As a homeowner or contractor, there may be times when you are uncertain whether it is
necessary to secure a building permit. The following guidelines should be used:
Work Requiring a Permit: (The following list is not meant to be exclusive, if you are in doubt as to
whether the work you are considering needs a permit, please call the Building Inspector.)

• New homes, additions, garages, or storage sheds.
• Interior renovations, involving the cutting away of any wall or structural member.
• Decks and ramps.
• Roofing (when re-roofing more than 25% of existing roof).
• Siding (when re-siding more than 25% of existing house).
• Window or exterior door replacement.
• The installation of swimming pools, hot tubs, or spas.
• Fences over 6ft high.
• Retaining walls over 4ft high.
• Wood stoves, fireplace inserts, fireplaces, or chimneys.
• Demolition of any existing structure.
• Signs-new or alteration of existing signs.
• Change of use (e.g., from storage to living space.)

A Permit Is Not Necessary For Ordinary Repairs: "Any maintenance which does not affect the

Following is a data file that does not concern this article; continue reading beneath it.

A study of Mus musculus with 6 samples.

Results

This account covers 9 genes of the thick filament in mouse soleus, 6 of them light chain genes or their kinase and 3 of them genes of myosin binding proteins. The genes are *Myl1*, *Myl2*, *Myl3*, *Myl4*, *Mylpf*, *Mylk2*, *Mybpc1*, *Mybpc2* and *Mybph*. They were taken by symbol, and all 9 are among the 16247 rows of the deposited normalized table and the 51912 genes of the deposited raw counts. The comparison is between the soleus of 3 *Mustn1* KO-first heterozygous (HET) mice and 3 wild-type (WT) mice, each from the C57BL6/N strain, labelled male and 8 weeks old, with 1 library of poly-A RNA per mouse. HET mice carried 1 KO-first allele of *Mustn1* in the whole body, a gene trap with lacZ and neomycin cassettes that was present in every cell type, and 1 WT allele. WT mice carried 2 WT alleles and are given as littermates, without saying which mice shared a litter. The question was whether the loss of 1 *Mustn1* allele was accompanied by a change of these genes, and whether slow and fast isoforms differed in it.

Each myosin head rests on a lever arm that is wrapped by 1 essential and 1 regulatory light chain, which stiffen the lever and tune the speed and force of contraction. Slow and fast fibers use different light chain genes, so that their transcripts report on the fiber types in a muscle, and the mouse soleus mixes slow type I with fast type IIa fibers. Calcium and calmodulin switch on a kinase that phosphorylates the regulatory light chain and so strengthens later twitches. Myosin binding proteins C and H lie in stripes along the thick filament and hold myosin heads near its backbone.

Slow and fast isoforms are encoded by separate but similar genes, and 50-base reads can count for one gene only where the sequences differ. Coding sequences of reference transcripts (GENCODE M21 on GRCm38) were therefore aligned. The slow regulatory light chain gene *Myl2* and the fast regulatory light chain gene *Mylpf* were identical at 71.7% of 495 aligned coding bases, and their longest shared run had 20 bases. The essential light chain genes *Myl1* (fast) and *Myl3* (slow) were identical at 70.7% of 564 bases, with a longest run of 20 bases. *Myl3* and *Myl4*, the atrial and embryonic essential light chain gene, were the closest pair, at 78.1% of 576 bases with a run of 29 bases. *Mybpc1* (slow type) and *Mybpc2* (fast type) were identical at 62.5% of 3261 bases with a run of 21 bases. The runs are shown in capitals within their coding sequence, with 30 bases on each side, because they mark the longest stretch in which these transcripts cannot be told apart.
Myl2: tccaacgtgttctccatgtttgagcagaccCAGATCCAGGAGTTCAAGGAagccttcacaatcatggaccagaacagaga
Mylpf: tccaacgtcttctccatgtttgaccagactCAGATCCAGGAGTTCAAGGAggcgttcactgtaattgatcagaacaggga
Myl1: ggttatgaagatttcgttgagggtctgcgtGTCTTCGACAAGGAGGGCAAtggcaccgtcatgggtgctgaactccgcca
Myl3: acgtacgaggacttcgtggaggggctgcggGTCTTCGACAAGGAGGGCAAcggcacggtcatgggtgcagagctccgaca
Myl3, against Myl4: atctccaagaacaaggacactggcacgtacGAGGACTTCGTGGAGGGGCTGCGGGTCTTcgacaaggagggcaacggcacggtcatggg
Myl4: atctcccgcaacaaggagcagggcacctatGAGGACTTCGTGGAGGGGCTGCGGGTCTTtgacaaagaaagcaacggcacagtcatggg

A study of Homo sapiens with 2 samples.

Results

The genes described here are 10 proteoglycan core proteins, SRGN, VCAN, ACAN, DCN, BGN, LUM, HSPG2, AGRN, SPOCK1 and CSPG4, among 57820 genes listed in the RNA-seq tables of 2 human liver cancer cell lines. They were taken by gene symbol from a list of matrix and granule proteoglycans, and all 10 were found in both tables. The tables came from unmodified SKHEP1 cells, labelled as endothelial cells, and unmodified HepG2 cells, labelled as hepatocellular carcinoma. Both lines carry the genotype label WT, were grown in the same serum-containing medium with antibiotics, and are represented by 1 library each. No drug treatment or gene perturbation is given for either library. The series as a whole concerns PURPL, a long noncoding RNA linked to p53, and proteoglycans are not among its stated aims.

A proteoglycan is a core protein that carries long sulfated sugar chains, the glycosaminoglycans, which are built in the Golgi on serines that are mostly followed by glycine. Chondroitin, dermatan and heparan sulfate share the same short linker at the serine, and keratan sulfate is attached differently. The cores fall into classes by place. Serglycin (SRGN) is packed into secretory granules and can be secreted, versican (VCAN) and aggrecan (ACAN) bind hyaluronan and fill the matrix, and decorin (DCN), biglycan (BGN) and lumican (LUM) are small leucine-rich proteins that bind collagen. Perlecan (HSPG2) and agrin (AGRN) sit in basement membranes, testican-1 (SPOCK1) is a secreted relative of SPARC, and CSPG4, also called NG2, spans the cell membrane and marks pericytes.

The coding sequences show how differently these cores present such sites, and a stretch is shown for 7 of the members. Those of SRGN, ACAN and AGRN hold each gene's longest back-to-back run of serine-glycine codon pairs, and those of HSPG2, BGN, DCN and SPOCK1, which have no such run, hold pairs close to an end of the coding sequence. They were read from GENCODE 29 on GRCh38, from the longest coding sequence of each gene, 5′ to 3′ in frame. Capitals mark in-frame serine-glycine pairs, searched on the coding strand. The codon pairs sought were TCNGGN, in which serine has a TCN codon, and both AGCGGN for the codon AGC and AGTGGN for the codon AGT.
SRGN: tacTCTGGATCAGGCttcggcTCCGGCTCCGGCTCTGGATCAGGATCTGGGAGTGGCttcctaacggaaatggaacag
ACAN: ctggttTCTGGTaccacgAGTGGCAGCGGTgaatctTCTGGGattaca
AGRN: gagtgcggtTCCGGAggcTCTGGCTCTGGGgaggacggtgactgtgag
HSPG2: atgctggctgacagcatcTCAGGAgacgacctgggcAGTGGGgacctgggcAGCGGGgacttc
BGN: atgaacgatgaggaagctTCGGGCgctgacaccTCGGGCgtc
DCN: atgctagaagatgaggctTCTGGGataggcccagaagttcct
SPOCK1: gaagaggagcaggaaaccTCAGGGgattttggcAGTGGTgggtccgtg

structure, egress, fire protection systems, fire ratings, energy conservation provisions, plumbing,
sanitary, gas, electrical or other utilities."

Why Should I get a permit? Because it is the law. Massachusetts Building Code(780CMR 110.0)
states: "It shall be unlawful to construct, reconstruct, alter, repair, remove or demolish a building
or structure...without first filing a written application with the building official and obtaining the
required permit therefore."

In addition, a building permit is for your own protection. The building inspector will require the
work performed to meet the standards of the Mass Building Code, which translates into your
security. Insurance companies may require a Certificate of Occupancy or approval of the building
official for certain work. If you are a licensed contractor, failure to secure a building permit could
result in the loss of your license.

How To Obtain a Permit: Permit applications can be found, generally, at Town Offices. There are
four separate permit applications(general, swimming pools, wood stove/ chimney, and
roofing/windows/siding). Follow the directions on the application and mail or deliver the
application to the Middlefield building inspector’s office in the Middlefield Town Offices,
Middlefield MA.

How Long Does it Take? In most cases, a completed application can be approved within 7-10
days. A notice will be sent, advising you of a date when the permit can be picked up at the town
office, and the appropriate fee paid.

What happens if I don't get a permit? Fees will be doubled if work has been started prior to
issuance of a permit. In addition, local zoning by-laws and the Mass Building Code have
provisions for fines and/or prosecution for work done without a permit, in violation of by-laws.